Valley fever in dogs

Here’s how to treat this infection.

Did you know that changes in the weather can cause health issues for dogs? For example, valley fever cases spike during rainstorms or dust storms in some geographical regions, Dr. Aliya McCullough, Fetch’s on-staff veterinarian, says. Here’s everything pet parents need to know about valley fever in dogs and ways to treat this infection. 

What is valley fever in a dog?

Valley fever is a fungal infection that affects dogs, Dr. McCullough explains. The fungus, also known as Coccidioides, is most commonly found in the Southwestern United States, Northern Mexico and parts of Central and South America, she adds. 

Dogs catch valley fever by inhaling it. “The fungus tends to circulate in the air when dust or soil is disturbed,” Dr. McCullough says. “More infections tend to occur after dust storms, heavy rainstorms during a dry season or earthquakes.”

According to Dr. McCullough, the infection is a disseminated disease — aka, when the fungus is inhaled, it spreads throughout a dog’s body instead of staying in their respiratory tract. 

Is valley fever contagious in dogs? 

While it is a serious condition, valley fever isn’t contagious to other animals or people, Dr. McCullough says. 

Valley fever symptoms in dogs

The symptoms of valley fever vary from dog to dog. Dr. McCullough explains that some dogs will only show mild signs or none at all, while others experience more severe symptoms. If your dog is showing symptoms, watch out for changes like:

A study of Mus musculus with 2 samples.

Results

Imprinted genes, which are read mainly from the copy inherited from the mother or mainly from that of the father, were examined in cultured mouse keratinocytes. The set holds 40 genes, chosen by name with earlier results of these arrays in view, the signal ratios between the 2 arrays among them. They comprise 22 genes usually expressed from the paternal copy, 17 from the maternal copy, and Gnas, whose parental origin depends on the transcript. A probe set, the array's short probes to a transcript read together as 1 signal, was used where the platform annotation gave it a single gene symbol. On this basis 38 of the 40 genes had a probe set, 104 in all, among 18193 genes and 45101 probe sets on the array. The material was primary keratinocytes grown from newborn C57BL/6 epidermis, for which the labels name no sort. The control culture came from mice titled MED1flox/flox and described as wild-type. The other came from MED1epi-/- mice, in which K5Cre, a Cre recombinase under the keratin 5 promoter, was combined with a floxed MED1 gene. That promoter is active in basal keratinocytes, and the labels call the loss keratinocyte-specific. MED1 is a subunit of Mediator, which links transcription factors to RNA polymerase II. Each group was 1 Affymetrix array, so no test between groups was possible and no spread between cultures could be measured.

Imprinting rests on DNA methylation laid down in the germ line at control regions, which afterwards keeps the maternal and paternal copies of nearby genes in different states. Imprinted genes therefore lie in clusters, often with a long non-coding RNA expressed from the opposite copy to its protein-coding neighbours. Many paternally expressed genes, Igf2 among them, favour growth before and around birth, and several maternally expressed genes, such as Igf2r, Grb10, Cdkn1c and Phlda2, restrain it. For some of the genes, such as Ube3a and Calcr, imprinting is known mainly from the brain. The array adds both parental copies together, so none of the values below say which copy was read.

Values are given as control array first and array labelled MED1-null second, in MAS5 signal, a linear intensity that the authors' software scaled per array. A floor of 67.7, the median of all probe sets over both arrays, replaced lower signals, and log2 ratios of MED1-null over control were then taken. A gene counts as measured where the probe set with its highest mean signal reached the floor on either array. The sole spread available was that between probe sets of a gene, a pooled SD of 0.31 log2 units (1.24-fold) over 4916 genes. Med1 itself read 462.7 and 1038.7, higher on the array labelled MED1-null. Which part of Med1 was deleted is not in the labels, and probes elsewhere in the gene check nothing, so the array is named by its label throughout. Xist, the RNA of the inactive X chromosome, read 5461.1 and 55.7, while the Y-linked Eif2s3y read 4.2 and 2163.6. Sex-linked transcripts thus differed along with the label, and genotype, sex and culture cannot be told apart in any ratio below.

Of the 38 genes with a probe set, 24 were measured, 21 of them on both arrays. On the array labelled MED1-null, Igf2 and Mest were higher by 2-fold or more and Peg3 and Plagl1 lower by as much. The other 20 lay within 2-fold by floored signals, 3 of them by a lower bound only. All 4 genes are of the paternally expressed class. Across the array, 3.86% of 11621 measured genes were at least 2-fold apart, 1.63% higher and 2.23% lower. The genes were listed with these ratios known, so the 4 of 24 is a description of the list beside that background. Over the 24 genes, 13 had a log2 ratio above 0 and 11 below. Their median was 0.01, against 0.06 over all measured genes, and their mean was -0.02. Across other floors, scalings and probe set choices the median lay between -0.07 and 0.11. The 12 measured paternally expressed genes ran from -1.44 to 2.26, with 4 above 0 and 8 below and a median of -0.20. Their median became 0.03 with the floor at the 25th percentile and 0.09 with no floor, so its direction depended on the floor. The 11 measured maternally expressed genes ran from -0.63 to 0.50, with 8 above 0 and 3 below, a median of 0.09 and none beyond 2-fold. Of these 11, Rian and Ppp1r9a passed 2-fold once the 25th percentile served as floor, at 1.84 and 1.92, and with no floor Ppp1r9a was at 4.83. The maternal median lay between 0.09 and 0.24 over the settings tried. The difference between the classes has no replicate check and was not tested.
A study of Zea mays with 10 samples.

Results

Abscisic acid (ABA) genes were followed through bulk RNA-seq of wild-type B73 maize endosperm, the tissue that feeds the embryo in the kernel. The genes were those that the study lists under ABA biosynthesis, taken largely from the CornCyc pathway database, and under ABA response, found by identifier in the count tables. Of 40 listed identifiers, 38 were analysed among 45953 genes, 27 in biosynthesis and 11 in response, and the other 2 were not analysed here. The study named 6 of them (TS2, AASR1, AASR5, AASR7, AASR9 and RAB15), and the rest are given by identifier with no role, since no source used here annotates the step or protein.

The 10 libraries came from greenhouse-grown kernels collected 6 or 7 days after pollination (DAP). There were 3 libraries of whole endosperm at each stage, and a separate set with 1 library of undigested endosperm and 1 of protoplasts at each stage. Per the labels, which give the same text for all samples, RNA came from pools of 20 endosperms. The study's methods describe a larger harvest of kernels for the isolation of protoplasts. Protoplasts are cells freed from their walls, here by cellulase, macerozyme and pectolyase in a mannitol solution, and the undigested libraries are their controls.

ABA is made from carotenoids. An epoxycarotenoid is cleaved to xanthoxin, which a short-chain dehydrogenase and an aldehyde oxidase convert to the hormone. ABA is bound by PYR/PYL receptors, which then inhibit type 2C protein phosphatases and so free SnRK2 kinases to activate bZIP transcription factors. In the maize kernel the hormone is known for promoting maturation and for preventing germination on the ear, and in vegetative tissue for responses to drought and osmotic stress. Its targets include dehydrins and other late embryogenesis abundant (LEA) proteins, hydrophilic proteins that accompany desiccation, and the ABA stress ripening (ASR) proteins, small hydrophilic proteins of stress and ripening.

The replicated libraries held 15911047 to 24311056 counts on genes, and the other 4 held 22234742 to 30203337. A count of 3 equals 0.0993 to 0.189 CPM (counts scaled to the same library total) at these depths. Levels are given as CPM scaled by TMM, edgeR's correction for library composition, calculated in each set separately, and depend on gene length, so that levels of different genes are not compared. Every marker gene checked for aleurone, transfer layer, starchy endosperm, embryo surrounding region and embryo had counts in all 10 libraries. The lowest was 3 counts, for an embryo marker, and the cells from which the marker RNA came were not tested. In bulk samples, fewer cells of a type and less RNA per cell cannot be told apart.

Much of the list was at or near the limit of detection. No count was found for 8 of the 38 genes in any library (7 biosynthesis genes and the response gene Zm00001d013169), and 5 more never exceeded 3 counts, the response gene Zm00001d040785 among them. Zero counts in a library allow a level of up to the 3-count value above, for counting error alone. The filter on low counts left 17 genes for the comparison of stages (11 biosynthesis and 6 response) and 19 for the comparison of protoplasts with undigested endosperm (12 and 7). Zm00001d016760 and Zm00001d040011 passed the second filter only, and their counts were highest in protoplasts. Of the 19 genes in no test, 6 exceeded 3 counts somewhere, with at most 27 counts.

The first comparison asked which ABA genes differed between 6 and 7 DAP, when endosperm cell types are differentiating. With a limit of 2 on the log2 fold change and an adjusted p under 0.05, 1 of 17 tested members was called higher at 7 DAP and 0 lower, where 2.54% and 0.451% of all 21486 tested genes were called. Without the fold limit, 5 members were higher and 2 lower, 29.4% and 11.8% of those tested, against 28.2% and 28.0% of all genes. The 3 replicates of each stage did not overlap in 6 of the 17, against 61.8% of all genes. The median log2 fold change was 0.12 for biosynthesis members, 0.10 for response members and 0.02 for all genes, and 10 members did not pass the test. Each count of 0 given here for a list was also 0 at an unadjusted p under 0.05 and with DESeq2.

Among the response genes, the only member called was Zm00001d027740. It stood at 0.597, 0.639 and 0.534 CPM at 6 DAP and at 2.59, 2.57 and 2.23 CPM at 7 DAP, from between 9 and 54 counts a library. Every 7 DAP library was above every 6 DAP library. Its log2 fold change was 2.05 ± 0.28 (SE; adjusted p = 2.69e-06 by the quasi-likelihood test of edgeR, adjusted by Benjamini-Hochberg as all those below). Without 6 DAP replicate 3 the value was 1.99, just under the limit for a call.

• Chronic cough (it sounds like a dry cough)
  • Decreased appetite
  • Weight loss
  • Fever
  • Lethargy
  • Nose bleeds
  • Seizures
  • Weakness
  • Incoordination
  • Enlarged lymph nodes 
  • Skin abscesses or wounds that won’t heal 
  • Abnormal heart rhythm (or heart failure)
  • Eye abnormalities

Dr. McCullough recommends reaching out to a veterinarian immediately after noticing any valley fever symptoms. 

Treatment options for valley fever in dogs

Veterinarians diagnose valley fever through a thorough physical examination, blood work or specific testing to detect the presence of the fungus. Dr. McCullough adds that a veterinarian will likely recommend antifungal medication to treat the infection. 

Dr. McCullough says that a dog’s recovery time depends on the severity of its infection and how well a dog reacts to treatment. “Most dogs with valley fever take antifungal medication for 6 to 12 months,” she adds. “In some cases, therapy is lifelong.”

RELATED: Urinary tract infections in dogs: symptoms and treatments

Natural remedies for valley fever in dogs

Dr. McCullough explains that there aren’t any natural remedies for valley fever in dogs. So always clear any new treatment options with your veterinarian before trying them. 

How to prevent valley fever in dogs

Minimizing exposure to the fungus is the best way to prevent valley fever in dogs. “Pet parents in affected areas can reduce their pet’s risk of valley fever by preventing pets from roaming and by primarily walking them on sidewalks,” Dr. McCullough says. 

If your dog starts showing signs of valley fever, like a cough or decreased appetite, you’ll know to ask your veterinarian about this infection. With these tips, you can get your dog the best care possible to get them back to their optimal health. 

The Dig, Fetch Pet Insurance's expert-backed editorial, answers all of the questions you forget to ask your vet or are too embarrassed to ask at the dog park. We help make sure you and your best friend have more good days, but we’re there on bad days, too.